These days, a lot of people claim to be spiritual but not religious. They want to be connected to God and the spiritual realm, but they don’t want to be bogged down by all the rules and regulations of organized religion. They want to relate to God in their own way, and they don’t think they need anybody to tell them how to worship or how to live their lives.
And it’s easy to see why. The idea of being able to do things your own way, of being able to practice your faith how you want and when you want, is very attractive. However, I would argue that there’s something in organized religion that you just can’t get from the “spiritual but not religious” lifestyle. There’s something really important that you simply can’t replicate with this sort of “lone ranger” spirituality.
Who Seeks Whom?
In a nutshell, we can characterize the difference between these two paths in this way: being spiritual but not religious is our search for God, but religion is God’s search for us. If we don’t have religion, then we’re essentially just trying to find God on our own, but religion teaches that God has sought us out first. The whole point of religion is that God has revealed himself to us and told us some things that are essential for our relationship with him. He’s told us who he is, who and what we’re supposed to be, and how we should worship him. On the flip side, if all we have is just our own search for God and our own thoughts about all of these things, then we’re essentially just grasping in the dark and hoping that we get it right.
And therein lies the problem with the “spiritual but not religious” mindset. If we just relate to God however we want, then how do we know that we’re doing it right? For instance, how do we know that we’re doing what he wants us to do or that our moral standards match up with his? Simply put, if all we have is our own thoughts about God, spirituality, and morality, then we very much run the risk of making God what we want him to be rather than what he really is. Or, to put it another way, we run the risk of turning our own ideas and desires into God.
Getting God Right
On the other hand, with religion, we know we’re relating to him the correct way because we’re simply following his directions. We’re worshipping him the way he’s told us he wants to be worshipped, and we’re living according to the moral standards he’s told us to live by. G. K. Chesterton once said something along these lines (I don't have the exact quote, so I'm paraphrasing): I don't need the Church to teach me when I'm right; rather, I need it to teach me when I'm wrong.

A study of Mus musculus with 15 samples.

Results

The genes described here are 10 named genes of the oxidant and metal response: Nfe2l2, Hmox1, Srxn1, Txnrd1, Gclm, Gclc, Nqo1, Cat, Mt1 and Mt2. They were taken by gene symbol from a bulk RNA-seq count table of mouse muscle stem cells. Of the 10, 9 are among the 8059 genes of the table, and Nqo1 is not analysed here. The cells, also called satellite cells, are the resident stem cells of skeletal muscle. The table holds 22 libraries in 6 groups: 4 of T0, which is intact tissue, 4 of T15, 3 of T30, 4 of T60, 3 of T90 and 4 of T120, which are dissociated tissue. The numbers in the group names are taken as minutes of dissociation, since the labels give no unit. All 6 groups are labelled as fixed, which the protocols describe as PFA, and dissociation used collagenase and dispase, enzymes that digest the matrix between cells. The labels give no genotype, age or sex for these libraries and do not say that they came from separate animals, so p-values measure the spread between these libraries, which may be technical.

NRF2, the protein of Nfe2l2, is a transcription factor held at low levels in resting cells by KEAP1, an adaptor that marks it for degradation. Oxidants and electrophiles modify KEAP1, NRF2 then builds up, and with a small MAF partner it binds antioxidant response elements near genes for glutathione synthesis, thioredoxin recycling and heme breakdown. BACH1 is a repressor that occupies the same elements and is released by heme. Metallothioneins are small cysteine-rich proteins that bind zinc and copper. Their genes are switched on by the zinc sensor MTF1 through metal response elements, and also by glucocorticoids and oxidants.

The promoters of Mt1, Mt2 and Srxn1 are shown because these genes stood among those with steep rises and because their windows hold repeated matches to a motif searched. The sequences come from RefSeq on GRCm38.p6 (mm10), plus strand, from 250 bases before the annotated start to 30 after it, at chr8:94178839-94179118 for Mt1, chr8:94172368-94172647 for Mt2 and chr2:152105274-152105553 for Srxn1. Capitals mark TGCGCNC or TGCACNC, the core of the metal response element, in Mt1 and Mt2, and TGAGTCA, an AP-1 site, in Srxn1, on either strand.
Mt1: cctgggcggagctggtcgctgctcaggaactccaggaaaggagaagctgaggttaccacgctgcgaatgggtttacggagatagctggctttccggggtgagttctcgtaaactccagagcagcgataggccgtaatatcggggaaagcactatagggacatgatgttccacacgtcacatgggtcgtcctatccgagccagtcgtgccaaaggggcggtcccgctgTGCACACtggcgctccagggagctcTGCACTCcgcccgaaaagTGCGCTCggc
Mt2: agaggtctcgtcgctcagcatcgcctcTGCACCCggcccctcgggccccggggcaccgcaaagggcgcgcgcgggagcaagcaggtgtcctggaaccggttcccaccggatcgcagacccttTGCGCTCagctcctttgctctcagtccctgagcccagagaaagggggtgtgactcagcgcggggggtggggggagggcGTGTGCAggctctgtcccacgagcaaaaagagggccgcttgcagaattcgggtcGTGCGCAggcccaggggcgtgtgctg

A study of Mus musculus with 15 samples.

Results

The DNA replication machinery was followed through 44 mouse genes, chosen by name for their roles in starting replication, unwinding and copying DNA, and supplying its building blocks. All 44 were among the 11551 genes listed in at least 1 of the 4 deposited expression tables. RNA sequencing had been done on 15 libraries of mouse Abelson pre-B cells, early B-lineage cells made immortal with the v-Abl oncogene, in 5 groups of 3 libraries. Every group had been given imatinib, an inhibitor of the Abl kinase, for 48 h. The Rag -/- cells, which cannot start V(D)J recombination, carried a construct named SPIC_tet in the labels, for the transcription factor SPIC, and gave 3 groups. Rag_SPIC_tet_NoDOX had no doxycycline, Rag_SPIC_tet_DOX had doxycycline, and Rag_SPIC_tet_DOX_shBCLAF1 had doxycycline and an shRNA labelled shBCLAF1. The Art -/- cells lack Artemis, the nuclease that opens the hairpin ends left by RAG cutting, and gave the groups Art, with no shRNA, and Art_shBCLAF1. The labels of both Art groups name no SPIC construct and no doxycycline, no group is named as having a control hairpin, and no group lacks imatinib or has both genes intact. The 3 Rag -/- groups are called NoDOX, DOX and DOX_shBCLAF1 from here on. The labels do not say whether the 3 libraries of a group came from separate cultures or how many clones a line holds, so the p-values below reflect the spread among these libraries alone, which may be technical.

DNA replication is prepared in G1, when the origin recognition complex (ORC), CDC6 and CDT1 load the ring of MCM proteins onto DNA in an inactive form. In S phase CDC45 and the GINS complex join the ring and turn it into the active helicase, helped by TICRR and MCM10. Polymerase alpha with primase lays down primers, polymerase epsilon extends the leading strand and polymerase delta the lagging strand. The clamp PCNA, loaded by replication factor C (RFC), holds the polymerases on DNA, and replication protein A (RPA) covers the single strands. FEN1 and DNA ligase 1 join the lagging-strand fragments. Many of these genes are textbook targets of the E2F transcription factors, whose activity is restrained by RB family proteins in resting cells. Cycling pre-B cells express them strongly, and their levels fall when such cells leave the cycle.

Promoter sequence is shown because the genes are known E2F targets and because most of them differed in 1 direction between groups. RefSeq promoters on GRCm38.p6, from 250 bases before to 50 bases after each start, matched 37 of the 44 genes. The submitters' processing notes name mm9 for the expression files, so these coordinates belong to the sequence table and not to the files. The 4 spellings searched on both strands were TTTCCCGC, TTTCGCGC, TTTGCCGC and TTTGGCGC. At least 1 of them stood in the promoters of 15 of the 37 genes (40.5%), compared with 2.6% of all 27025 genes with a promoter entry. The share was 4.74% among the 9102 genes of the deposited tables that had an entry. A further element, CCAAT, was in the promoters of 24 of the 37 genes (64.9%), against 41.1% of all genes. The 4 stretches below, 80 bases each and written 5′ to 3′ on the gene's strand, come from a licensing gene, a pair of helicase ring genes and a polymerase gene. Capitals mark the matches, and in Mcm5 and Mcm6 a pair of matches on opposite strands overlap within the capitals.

His point was that we all make mistakes in our reasoning, so if we try to figure out spirituality and morality entirely on our own, we’re bound to get some things wrong. And that’s why we need religion. It tells us when we’re wrong so we can correct our mistakes. If our morality is off base at all, it tells us. If we’re doing anything that harms our relationship with God, it tells us. Simply put, if we’re doing anything wrong in the realm of spirituality, religion can tell us and help us correct our mistakes, but if we just do it our own way, we’ll just keep doing things wrong without having any way of realizing it and making the necessary changes.
Religious, Not Just Spiritual
At the end of the day, being spiritual but not religious is like trying to reinvent science or calculus from scratch. Those disciplines have already been created, so there's no need to do it again. Plus, if we try to reinvent them ourselves, there’s a good chance that we’ll make at least a few mistakes. We may not like the “rules” of science or calculus, but they’re there for a reason. They exist to make sure that we practice those disciplines correctly, and religion is the same way. Religion is all about believing that God has revealed certain things about himself to humanity precisely for the purpose of enabling us to have the best possible relationship with him. We may not like all the rules, but they’re there to make sure our spirituality stays on the right track. They exist to make sure that we do what God wants, and without them, we run the risk of doing whatever we feel like doing and just calling it spirituality.